Just over two years ago, on the 19th February 2018, Leah Sharibu, a fourteen-year old schoolgirl, along with 109 of her schoolfriends, was kidnapped. The children were taken from their school in Dapchi, North-Eastern Nigeria by the Boko Haram terrorist group. 

Just over a month later 104 of the girls were returned, with 5 killed during transport, leaving Leah as the only remaining captive. It has been explained this is due to Leah's refusal to renounce Christianity and pledge herself to Islam. This was not a problem for the other girls, as Leah was the only Christian in the group.  

I was fortunate enough to attend a talk at Westminster Hall, held by the PSJ (Peace and Social Justice Organisation). With an intimate audience of only 20 or so people, Leah's mother, Rebecca Sharibu, gave a moving speech, illustrating the devastating effects of Leah's kidnapping. She stated, via translator Dr Gloria Puldu, 

'I am pleading with you to help me 

As a family we are in great pains' 

Baroness Caroline Cox has backed the development of this tragedy into a worldwide campaign to raise awareness and stop 'Silent Slaughter' within Nigeria. She gave the audience, made up of representatives from multiple religious charities, further examples of terrorist attacks within Nigeria. Baroness Cox listed examples of towns destroyed by Boko Haram, accompanied by pictures of the wreckage following the attacks. Through linking Leah's story to those of others, the widespread nature of terrorist attacks within Nigeria was clearly depicted.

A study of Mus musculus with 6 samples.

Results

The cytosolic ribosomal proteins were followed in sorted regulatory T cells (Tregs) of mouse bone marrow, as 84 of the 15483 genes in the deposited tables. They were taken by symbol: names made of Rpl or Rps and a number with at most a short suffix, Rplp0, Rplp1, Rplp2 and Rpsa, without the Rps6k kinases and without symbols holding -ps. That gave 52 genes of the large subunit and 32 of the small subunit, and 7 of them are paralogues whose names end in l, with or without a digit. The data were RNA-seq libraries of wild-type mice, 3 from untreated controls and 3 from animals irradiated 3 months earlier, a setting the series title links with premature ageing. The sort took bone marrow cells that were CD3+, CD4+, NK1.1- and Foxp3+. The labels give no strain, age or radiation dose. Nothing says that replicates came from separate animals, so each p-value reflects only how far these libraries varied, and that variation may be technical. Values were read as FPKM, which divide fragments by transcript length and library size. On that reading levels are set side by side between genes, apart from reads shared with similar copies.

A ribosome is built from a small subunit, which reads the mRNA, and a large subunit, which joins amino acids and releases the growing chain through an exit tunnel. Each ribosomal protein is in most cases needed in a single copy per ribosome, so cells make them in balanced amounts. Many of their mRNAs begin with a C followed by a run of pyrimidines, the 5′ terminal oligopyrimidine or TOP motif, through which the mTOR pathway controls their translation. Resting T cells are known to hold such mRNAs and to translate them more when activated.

In an exclusive interview with Baroness Cox, I was told that the British Government 'ought to recognise the seriousness of what is happening.' 

Leah's tragedy is important in encouraging us to take action against the discrimination and violence within Nigeria. I hope this article has opened your eyes as it opened mine and I urge you to help end Silent Slaughter.